This book will startle you with well-documented evidence that the devil is out to destroy your household. With bold transparency, six families share their experiences with demonized chidren. This authoriative volume is heavily substantiated with scripture, and is just the wake up call parents need.
This is a "how-to" parenting guide. Deliverance, for the purpose of this book, is defined as "The act of receiving, or administering freedom, from spiritual bondages that were held in place by demonic spirits." This book has been written because while anyone could be the victim of a spiritual bondage, children are especially vulnerable. One couple who began moving in deliverance ministry back in 1967 notes that, "Without question the majority of demons encountered through ministry have entered the persons during childhood."
Foster and adoptive children are more susceptible to both physical and spiritual problems for a number of reasons. One of the more obvious reasons is that they were often unwanted. This can open them up to the spirits of failure and rejection. Because they were unwanted, they are often neglected in uteri, threatened with abortion, malnourished, exposed to drugs, cigarettes and alcohol, which leads to low birth weight, deformities and learning disabilities. In the spirit realm, it can lead to spirits of suicide, addiction and self-hate. If they were not given up at birth, they can be neglected, beaten, berated and sexually abused all before a foster or adoptive parent ever lays eyes on them.
Low self-esteem, homosexuality, promiscuity, abusive behavior, anorexia, and generational spirits or curses are all part and parcel of what may come with your innocent young waif. With the naive and loving hearts that most of us have, we will blindly assume that our love and affection will wash away all the hurt. We haven't realized that the above experiences have declared open season on our kids for a life long attack from the enemy, unless we raise up a standard of prayer and protection, healing and deliverance around them.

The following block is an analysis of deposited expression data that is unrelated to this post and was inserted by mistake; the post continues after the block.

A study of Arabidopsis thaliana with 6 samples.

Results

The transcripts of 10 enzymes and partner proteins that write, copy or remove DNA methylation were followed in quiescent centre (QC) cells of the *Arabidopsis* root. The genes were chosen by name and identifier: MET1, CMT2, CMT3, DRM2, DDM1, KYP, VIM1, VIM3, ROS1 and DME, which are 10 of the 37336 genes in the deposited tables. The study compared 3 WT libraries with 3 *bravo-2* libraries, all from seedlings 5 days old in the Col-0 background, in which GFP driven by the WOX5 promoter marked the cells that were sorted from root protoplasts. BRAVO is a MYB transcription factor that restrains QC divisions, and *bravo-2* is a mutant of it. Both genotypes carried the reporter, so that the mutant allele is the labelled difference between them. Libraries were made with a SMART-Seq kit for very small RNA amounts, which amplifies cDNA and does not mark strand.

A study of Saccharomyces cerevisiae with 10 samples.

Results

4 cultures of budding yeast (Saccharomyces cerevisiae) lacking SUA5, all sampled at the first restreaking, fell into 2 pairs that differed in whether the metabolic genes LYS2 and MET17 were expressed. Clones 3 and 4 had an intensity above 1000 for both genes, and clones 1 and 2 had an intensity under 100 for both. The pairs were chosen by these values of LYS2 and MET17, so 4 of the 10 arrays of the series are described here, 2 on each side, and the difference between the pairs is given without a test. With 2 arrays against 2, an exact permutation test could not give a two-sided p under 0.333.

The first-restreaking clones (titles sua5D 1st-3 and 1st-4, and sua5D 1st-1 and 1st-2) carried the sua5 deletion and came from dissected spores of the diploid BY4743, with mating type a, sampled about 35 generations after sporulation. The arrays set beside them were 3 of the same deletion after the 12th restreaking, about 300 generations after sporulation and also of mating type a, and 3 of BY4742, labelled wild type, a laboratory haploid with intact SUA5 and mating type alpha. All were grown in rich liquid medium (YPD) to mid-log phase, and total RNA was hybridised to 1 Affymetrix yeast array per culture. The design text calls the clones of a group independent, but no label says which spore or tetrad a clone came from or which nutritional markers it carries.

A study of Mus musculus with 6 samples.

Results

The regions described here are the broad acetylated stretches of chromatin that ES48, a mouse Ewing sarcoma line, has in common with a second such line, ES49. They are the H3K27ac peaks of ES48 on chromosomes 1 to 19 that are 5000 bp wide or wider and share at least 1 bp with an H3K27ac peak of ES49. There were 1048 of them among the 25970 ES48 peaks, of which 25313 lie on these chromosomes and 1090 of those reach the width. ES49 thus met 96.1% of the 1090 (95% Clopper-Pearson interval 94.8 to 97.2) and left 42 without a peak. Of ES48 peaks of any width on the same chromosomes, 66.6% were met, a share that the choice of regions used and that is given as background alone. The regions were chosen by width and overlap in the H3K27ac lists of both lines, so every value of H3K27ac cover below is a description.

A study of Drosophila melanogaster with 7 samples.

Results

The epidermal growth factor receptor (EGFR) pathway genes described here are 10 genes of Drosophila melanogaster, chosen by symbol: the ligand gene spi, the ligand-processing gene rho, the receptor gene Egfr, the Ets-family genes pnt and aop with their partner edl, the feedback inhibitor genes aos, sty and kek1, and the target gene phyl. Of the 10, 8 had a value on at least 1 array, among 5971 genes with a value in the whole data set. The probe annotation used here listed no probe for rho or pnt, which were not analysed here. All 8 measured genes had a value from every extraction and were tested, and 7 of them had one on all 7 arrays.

Also making this book a necessity is the fact that deliverance with children is slightly different in general from that of adults, although the principles set forth would also apply to adults.
As my son matured we realized that we were hopelessly in love with his smiling eyes and dimples. How could we not adopt him? He would be so traumatized to leave as he was so attached. Justin bonded to one person at a time and would accept no other for that period of time. Too afraid to sleep alone, he always insisted on sleeping in the room of whom ever was his favorite at the time. Much like a loyal puppy, only much more demanding. If it hadn't been for those eyes and those dimples I don't know where he'd be now. I can assure you that God tricked us into this assignment, because if we had known how hard it would be, we would have made a run for the hills.
MY NIGHTMARE BEGINITH
The “terrible-twos” hit, only these were the terrible, horrible, unbearable twos, magnified ten times. But that's normal, all kids go through that--or so social services told us. Demanding and controlling, but refusing to speak even though he could. It's really hard to please someone when you don't know what he wants. Your first instinct is to give him what he wants as quickly as possible to silence the screaming. The only problem with that short-term solution is that every time you comply, you have reinforced the behavior and taught them to repeat it.
I really have no idea how to put into mere words the next few years of hell that followed. We dealt with a minimum of one, twenty-minute uncontrollable tantrum each day, with some lasting as much as seventy minutes, plus one at nap time, plus several "mini" fits daily. It's really frustrating to spend half an hour trying to enforce a two minute time-out as holes are being kicked in the wall by the screaming toddler. Now, I have to tell you, statements like "I hate you," "I hate this house," “I'm going to kill you," and "I'm going to kill myself" just aren't that common from a pre-schooler. Especially when the trigger is something simple like "I'm sorry son, I don't know where you left your toy."